They flicked on the television just in time to see the second plane crash into the World Trade Centre.
Moments before, 14-year-old Abdul Abdullah and his brother Abdul-Rahman Abdullah (older by nine years) had been playing Gran Turismo on their PlayStation at home in Perth; now they watched in horror as smoke poured out of the Twin Towers.
It felt distant — “just another crazy thing on the news” — but then, the very next day, the repercussions were felt in their small Muslim community, Abdul recalls.
Someone threw a pig’s head into the Sikh temple in Canning Vale and graffitied the walls; their local mosque was the next to be defaced.
Then his mother was assaulted, dragged into a store by a group of men who pulled off her head scarf and left her utterly shaken.
“It wasn’t the only such incident, and the whole community was on edge. It felt quite dangerous to be outside in some places,” recalls Abdul.
As artists, Abdul and Abdul-Rahman both see their work as reckoning with Muslim identities, family and culture, yet they approach it from opposite sides of that cataclysmic event.
“My brother’s formative years were pre-9/11 and my formative years were post-9/11,” says Abdul, now 36.
“So, when he talked about his cultural and religious heritage, it was looking at the home and the domestic setting and the experience of family.
“My experience — the way that I looked at it and framed it — was of that political perception; very much outside the home, and [in terms of] how we [Muslims] were dealt with in the popular imagination.”
Decades later, the brothers are still mapping these commonalities and divergences.
Their new exhibition, Land Abounds, is at Ngununggula in the NSW southern highlands till July 24, and features old and new work by the brothers alongside video works by celebrated artist Tracey Moffatt (who represented Australia at the 57th Venice Biennale).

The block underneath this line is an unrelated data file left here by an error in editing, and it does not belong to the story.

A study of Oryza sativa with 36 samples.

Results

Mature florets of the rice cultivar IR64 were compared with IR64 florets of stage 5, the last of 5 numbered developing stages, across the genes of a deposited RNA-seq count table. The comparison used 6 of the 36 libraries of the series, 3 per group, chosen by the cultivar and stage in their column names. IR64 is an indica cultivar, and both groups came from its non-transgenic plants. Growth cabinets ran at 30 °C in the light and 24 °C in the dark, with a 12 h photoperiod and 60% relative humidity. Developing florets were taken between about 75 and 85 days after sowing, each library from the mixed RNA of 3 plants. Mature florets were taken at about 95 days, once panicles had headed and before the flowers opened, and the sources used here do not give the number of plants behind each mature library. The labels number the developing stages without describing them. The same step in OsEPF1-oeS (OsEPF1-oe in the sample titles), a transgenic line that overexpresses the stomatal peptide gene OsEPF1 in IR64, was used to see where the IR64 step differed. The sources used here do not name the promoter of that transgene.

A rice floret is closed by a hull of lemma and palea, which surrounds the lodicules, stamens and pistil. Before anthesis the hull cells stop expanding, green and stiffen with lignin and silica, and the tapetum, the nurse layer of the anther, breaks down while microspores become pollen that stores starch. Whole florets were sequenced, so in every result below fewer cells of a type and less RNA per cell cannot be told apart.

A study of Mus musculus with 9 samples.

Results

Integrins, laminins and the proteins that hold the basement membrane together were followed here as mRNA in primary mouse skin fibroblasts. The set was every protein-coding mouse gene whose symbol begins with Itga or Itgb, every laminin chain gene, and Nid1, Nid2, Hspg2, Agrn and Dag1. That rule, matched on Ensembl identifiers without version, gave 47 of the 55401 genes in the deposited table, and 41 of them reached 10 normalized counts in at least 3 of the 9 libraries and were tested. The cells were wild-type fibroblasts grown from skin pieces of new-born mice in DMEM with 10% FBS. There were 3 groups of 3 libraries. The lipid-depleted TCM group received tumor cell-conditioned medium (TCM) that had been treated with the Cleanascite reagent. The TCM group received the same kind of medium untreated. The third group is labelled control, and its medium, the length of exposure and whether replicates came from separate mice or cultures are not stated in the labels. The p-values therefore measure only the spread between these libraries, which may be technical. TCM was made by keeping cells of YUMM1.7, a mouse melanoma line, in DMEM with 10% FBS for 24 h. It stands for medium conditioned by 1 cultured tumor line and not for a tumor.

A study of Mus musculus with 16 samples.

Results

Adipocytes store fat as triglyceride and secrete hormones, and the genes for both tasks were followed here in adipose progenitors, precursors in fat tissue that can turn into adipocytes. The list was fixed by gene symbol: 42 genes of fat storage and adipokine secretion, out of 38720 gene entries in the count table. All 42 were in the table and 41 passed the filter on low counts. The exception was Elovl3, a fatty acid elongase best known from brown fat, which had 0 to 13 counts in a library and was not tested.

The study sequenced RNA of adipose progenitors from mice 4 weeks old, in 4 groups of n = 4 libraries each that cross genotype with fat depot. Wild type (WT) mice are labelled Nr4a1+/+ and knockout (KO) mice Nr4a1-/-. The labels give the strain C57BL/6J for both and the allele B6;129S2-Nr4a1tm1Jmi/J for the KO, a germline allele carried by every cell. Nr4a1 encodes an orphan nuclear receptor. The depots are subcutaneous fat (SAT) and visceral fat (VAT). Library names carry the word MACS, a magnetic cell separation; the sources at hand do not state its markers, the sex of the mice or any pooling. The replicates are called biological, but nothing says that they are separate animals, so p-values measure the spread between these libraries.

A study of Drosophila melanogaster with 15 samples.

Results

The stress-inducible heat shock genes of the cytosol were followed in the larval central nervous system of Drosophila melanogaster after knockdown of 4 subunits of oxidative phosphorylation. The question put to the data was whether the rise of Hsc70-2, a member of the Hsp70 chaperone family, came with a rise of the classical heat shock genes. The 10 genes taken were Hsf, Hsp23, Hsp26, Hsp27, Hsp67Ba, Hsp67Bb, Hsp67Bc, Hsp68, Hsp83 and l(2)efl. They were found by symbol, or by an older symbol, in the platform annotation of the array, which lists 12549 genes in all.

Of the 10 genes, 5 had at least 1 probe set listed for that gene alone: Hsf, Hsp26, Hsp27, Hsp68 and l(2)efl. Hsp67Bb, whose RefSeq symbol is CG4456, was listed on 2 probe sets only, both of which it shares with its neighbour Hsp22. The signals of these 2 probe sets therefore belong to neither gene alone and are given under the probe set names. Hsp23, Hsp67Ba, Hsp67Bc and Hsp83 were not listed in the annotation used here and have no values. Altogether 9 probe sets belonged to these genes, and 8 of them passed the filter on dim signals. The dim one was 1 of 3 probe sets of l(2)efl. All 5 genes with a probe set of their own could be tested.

A lifelong conversation
The Abdullah brothers are a study in contrasting preoccupations, format and tone; yet when they exhibit together – as they did most recently in Peripheries I and II in 2020 and 2021 – they enter into a dialogue.
Abdul’s striking photography, traditional landscapes and award-winning portraiture are often overlaid with crude graffiti-like emojis or bold text that offer thought-provoking, political critiques of patriotism, colonialism, war and anti-immigration rhetoric.
In works like Self-portrait as an ultra-nationalist and We are the ones that look back from the abyss, he explores what it means to be an “outsider among outsiders”; his portraits of figures such as Anthony Mundine, Waleed Aly, and even himself, have seen him shortlisted five times for the Archibald Prize.
Abdul-Rahman’s intricately detailed, life-sized wooden sculptures and installations, often featuring animals, tell stories of his faith and family traditions, layering personal histories and cultural context onto a single, evocative object.
Think an utterly realistic sheep’s carcass hanging from a steel hook, conjuring memories of time spent with his father; manta rays in the rain, recalling the jetty outside his grandfather’s home; and painted wooden sculptures of Euphorbia, Monstera, Sansevieria plants that serve as a tribute to his mother and her love of family. Where Abdul’s work can be a visual shock that provokes and unsettles you, Abdul-Rahman’s tends toward the contemplative, asking that you step closer, look deeper.
It’s a dynamic that goes back to the day his brother was born, says Abdul-Rahman. They often shared the same interests – from boxing to art – and lived together as adults for a decade. They still talk every day.
“Our work is part of an ongoing conversation; a lifelong conversation, if you will, where we do cross over in so many areas – identity, perceptions of identity, different perceptions of who or what is other – but coming from quite different perspectives,” Abdul-Rahman told ABC RN’s The Art Show.
What does this look like in practice?
In Land Abounds, their new exhibition, it looks like this: a dead horse painfully carved out of Indonesian jelutong timber, lying in front of a panoramic 10-metre-long landscape painting of Berrima, with this sentence scrawled across the canvas: “What would our public collections look like if we divested them of sex pests and paedophiles?”
Read the rest of the story here. First published by the ABC July 3, 2022.